I first saw the movie To Kill a Mockingbird when I was 6 and have loved Scout Finch ever since. As a willful tomboy, she spoke to me like no other character ever had. When I was older and read Harper Lee’s book, the rest of it spoke to me, too: the frustration at injustice, the brutality perpetrated by powerful men that seems impossible to stop. Mockingbird is one of the classics of American literature for a reason: It offers up a hard look at our country while giving us characters to love unabashedly.
When the news broke that Harper Lee's first, rejected novel, Go Set a Watchman, was being published, I was worried. I read a lot that indicated Lee, a very private 88-year-old, was probably suffering from dementia, and that her sister, who had been her main advocate, had recently died. A lawyer had persuaded her to publish this work that she'd never wanted shared. It felt unethical at best—at worst, it felt like elder abuse.
Unfortunately, my fears were founded.
Watchman is set years after Mockingbird, with that book's characters either older or gone. Scout, or Jean Louise, is back from New York visiting Maycomb when she discovers her potential future husband, Henry Clinton, and her dad, Atticus, have joined almost all of Maycomb's white men in the fight to "uphold the Southern Way of Life" against the "Negroes" (often worse).
The editor who originally saw the Watchman manuscript, Tay Hohoff, saw potential in the book, but didn't think it was publishable as it was. It's easy to see how Lee and Hohoff shaped Watchman into Mockingbird out of compelling parts of Watchman: Scout's memories of her alternately idyllic and terrifying childhood.
What didn't make it into Mockingbird are the parts of Watchman that make a modern reader deeply uncomfortable—the long sections when an adult Jean Louise is condescendingly taught Racist Theory 101 by any of the three main male characters. A Mockingbird lover's stomach tightens when Atticus speaks: "'Have you considered that you can't have a set of backward people living among people advanced in one kind of civilization and have a social Arcadia?'"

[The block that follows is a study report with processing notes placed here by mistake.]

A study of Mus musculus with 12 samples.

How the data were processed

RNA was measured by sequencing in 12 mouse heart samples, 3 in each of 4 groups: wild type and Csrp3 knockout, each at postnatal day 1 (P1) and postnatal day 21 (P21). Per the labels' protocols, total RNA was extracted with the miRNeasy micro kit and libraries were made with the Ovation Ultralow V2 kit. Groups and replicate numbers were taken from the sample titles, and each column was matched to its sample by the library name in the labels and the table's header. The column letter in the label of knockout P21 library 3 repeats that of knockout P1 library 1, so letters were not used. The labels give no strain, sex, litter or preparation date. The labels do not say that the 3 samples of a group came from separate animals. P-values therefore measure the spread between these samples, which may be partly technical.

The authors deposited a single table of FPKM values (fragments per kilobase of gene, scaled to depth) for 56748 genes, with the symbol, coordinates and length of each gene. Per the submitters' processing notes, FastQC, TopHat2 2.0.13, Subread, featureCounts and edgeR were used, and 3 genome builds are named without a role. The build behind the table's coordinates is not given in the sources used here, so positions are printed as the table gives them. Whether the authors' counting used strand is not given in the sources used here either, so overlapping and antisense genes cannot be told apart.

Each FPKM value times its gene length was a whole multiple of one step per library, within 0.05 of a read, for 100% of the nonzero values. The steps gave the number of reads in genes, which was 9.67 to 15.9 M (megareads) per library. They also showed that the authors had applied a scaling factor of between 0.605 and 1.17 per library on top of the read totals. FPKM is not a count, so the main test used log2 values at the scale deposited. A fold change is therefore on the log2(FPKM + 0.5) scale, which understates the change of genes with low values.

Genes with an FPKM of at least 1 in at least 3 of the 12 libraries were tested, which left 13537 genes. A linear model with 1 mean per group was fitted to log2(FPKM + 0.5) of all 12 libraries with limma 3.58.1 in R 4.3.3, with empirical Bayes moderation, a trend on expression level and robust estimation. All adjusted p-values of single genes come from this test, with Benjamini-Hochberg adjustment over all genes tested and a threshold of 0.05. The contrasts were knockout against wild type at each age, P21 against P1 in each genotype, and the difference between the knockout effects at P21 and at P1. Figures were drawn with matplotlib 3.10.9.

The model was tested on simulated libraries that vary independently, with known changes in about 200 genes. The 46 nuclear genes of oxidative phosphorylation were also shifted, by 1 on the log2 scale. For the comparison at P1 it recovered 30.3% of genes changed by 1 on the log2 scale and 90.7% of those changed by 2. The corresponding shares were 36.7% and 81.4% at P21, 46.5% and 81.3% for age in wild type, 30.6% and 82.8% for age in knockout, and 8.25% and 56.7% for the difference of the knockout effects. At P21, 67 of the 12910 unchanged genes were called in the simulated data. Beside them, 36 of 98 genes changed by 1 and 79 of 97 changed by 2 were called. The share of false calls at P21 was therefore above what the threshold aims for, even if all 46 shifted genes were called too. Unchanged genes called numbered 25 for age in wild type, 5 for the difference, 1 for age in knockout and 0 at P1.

Publishing this book as a separate novel does a disservice to Lee—taken on its own, it's basically a rationalization of why Southern white supremacists aren't all bad. In Watchman, even Jean Louise believes black people are "backwards" and that civil rights are being pushed through too quickly. While this might be an interesting point of academic discussion about a book written in the 1950s, it's embarrassing as the thesis of a book published today. But a shitty first draft shouldn't take away from the legacy of Mockingbird, which is at its heart a story about a headstrong young girl discovering racism and misogyny in America.
In an ideal world, someone would have instead used Watchman as a source text for a book about Lee's life. To get an idea of what this could look like, see the South Dakota Historical Society Press' annotated version of Laura Ingalls Wilder's unpublished autobiography, Pioneer Girl. There, an editor was able to contextualize the work while acknowledging the source material was an unpublished draft. It was respectful, well-done and, most importantly, didn't seem like a money grab by a shady lawyer taking advantage of one of America's literary heroes in her final days.